The Pomera DM30 is a distraction-free word processor that goes 20 hours on a pair of AAs. However, this latest generation of a decade-old product line is making concessions to English-native users as it heads to the US market via Kickstarter.
Update (5/29/18): King Jim is offering to change the Pomera DM30's keyboard to a US layout, has added English subtitles to its Kickstarter video, and posted a video of typing in English that demonstrates screen responsiveness.
Once, early adopters looked to Asian import sites such as Dynamism.com for computing devices that leapfrogged the American state of the art. Today, portable devices sold in the US have slimmed down to the point where there's little advantage to buying products optimized for the Japanese market. However, that doesn't mean every product makes it to American shores.
Ten years ago in Japan, a 91-year-old company called King Jim created the Pomera DM10. The pocketable product had a small e-ink screen, worked on AA batteries, and featured a folding keyboard. It was billed as an ideal note-taking device, but the cramped size and slightly unfamiliar Japanese keyboard made it a tough sell for all but the most adventurous early adopters in the US. The company followed up with the DM20 and non-folding keyboards in the DM100 and DM200, the latter looking like a slimmed-down version of the Windows CE clamshells of the late 90s. The interface on these devices could be switched to English, but they retained Japanese keyboards.
Now King Jim has launched a Kickstarter project for the latest iteration of the Pomera, the DM30; it comes with a tri-fold keyboard similar to that of the Jorno. The DM30 supports multiple font sizes and line spacing options. It also includes an outlining mode and a grid for tabular info that looks like a spreadsheet but can't perform calculations. It can transfer text to a PC via USB or SD and can take advantage of Wi-Fi-enabled SD cards such as the Toshiba FlashAir. The DM30 can also transfer text via a specialized QR code that is read by a companion smartphone app.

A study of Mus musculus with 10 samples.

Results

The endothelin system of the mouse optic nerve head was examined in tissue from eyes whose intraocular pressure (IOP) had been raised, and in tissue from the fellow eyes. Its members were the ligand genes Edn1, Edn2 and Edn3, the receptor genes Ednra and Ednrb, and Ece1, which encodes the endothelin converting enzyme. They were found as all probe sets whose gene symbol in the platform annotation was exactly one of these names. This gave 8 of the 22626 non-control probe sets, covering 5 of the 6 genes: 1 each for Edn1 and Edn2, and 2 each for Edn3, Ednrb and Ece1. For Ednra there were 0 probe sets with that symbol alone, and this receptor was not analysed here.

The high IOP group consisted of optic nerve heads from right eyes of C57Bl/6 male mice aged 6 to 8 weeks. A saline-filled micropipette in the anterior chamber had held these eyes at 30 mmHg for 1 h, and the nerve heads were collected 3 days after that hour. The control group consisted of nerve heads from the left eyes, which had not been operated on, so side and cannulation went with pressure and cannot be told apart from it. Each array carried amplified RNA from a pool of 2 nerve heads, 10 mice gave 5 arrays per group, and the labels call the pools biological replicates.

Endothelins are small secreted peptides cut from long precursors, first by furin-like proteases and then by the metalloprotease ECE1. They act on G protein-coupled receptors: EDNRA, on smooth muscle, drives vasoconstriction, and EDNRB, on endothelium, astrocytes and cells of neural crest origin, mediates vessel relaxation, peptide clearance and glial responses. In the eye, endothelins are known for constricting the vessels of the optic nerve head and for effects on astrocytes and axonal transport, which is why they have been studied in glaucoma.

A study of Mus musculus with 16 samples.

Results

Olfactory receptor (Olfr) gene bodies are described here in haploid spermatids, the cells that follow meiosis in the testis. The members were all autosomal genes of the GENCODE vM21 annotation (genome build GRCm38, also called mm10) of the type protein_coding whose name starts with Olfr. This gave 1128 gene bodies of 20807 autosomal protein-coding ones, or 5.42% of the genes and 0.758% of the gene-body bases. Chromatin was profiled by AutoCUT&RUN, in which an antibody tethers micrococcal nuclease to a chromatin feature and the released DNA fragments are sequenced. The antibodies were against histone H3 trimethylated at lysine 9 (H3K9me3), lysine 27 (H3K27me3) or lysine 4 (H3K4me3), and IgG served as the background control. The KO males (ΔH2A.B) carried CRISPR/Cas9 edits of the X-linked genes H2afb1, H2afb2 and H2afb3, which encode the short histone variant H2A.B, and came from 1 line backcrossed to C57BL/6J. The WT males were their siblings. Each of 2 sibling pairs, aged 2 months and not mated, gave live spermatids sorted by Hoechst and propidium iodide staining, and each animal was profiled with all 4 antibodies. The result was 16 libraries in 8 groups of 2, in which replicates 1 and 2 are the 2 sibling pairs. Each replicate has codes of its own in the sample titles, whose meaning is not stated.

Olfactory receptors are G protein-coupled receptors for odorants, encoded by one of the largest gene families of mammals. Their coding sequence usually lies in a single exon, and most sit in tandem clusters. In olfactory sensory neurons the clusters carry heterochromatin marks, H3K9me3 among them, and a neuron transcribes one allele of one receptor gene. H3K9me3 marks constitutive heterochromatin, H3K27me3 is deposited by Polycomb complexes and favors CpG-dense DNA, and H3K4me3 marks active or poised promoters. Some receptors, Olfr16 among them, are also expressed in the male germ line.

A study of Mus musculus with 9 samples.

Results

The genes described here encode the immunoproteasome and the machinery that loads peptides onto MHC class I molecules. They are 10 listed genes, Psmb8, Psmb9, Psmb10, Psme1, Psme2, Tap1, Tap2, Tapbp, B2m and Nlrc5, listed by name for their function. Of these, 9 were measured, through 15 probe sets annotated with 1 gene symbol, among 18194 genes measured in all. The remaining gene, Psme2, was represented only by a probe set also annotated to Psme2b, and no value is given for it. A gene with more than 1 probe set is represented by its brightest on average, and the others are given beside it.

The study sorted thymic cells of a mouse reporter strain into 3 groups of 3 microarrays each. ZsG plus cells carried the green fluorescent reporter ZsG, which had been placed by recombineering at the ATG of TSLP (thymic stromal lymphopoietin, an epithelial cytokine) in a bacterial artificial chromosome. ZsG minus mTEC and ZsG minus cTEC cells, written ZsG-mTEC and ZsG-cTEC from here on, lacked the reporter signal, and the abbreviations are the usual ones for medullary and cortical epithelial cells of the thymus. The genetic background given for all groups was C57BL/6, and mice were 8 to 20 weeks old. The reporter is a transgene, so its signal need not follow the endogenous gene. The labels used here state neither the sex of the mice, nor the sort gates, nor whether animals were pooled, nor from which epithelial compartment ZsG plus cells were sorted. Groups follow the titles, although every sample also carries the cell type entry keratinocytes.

Like previous Pomeras, the interface can be set to English, and the company will ship an English manual with the product. That had been the extent of the localization for the US market. Indeed, even the crowdfunding video is only in Japanese. However, King Jim has now said that, based on backer feedback, it is now considering tweaking the software and keyboard printing to accommodate a US English keyboard layout.
Ever a tool to test market concepts, Kickstarter also gave rise the Freewrite (nee Hemingwrite) in 2014. The retro-themed, distraction-free writing appliance with a 6-inch e-ink display and mechanical keyboard display can back up its contents to the cloud. Freewrite offers long battery life, and outdoor readability. And, after some disappointing early receptions, its creator Astrohaus has continued to update the software to the point where its Amazon.com reviews are solid. But, unfortunately, the FreeWrite is about the size of typewriters of old and therefore offers little portability advantage versus notebooks.
The Pomera is still available at a backer price of about $350. It arrives at a time when there is a bit of a renaissance in keyboarding on the go. Recently, the Gemini, a color-screened, Android-based update to the old Psion 5, started shipping. And TCL Mobile is expected to announce a new keyboard-enabled BlackBerry smartphone next month. Even as a world has learned to type on glass, many still long for a more familiar and comfortable way to compose longer documents on the go without the bulk of a notebook.